The State of Illinois recently amended its telemarketing laws to create an additional incentive for consumers to file state actions as opposed to federal Telephone Consumer Protection Act (TCPA) claims. Governor Quinn recently signed into law Public Act 98-0546, which amended the Automatic Telephone Dialers Act (Autodialer Act) and the Restricted Call Registry Act (Illinois Do-Not-Call Act) to provide for statutory damages in the amount of $500 per violation. The laws went into effect upon the Governor’s signature, August 26, 2013. The two major changes to these laws involve: (1) statutory damages available for violations; and (2) recordkeeping requirements. These and other recent actions by federal telemarketing regulators highlight the importance of vendor compliance management as a tool to mitigate telemarketing risks.
The Autodialer Act prohibits the use of an “autodialer” except as in accordance with the Act. The Illinois law defines an “autodialer” as “any telephone dialing or accessing device, machine, computer or system capable of storing telephone numbers which is programmed to sequentially or randomly access the stored telephone numbers in order to automatically connect a telephone with a recorded message.” The Act exempts a number of calls from its scope including, among others: (1) “calls made in response to an express request of the person called;” and (2) “calls made to any person with whom the telephone solicitor has a prior or existing business relationship.” The Act also provides for more restrictive calling times than those provided under federal law, prohibiting calls between 9:00pm and 9:00am. The Illinois Do-Not-Call Act is the Illinois-specific do-not-call list for telemarketers.
Under prior law, damages for violations of Illinois telemarketing laws were limited to actual damages, which were subject to being trebled if conduct warranted. The new laws now provide for statutory damages in the amount of $500 per violation. With the potential of class action litigation under Illinois civil procedure, these laws now provide a similar incentive to enforcement as the federal TCPA.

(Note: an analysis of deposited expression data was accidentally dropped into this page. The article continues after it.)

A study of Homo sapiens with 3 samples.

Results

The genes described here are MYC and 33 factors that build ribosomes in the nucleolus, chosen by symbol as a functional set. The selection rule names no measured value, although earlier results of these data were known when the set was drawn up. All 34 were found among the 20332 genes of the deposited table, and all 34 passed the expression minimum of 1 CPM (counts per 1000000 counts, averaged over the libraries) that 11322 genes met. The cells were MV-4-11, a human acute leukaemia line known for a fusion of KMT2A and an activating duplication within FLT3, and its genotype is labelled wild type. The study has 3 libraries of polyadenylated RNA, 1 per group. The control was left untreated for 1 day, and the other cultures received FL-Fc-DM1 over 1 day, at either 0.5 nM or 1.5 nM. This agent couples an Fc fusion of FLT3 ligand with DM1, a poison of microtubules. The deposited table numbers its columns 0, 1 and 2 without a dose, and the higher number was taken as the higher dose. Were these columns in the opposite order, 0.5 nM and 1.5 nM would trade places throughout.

In addition, the new laws contain onerous recordkeeping requirements. The Autodialer Act now requires those operating an autodialer to maintain a list of all telephone numbers called, and to maintain records to sufficiently document any exemption claimed. Likewise, the Illinois Do-Not-Call Act now requires that “[a] person who makes or causes to be made calls to communicate a commercial message subject to this Act shall maintain a list of all telephone numbers called,” as well as records to document any exemption claimed.
It is noteworthy that the scope of the Illinois Do-Not-Call Act’s recordkeeping requirement applies to both those persons that make calls and those persons on whose behalf the calls are made. This last point is critical from a compliance management perspective.
The Federal Communications Commission (FCC) recently issued an opinion that highlights the importance of vendor compliance management as a tool to mitigate telemarketing compliance risk. The FCC’s declaratory ruling discussed when a company may be liable under the TCPA and FCC telemarketing and autodialing rules for violations committed by a third-party vendor authorized to sell its goods or services. According to the FCC, companies may be liable for non-compliant conduct by third parties marketing their goods or services based on “general common law” agency-related principles, which includes apparent authority and ratification as bases for vicarious liability.
Few areas of the law present a greater compliance challenge for today’s companies than telemarketing laws. Between the TCPA, the FCC’s implementing regulations, the FTC’s Telemarketing Sales Rule and the various applicable state statutes, it is extremely difficult for businesses to cover all their bases and properly document their policies. Beyond that, companies need to be careful in walking the extremely fine line between ensuring that vendors understand that they need to comply with all laws, but not crossing over into control territory where defendants can be held vicariously liable for the actions of their vendors. The new Autodialer Act and the Illinois Do-Not-Call Act have just made the road even more difficult – and treacherous. Engaging competent counsel—before the first telemarketing call is placed—is highly advisable.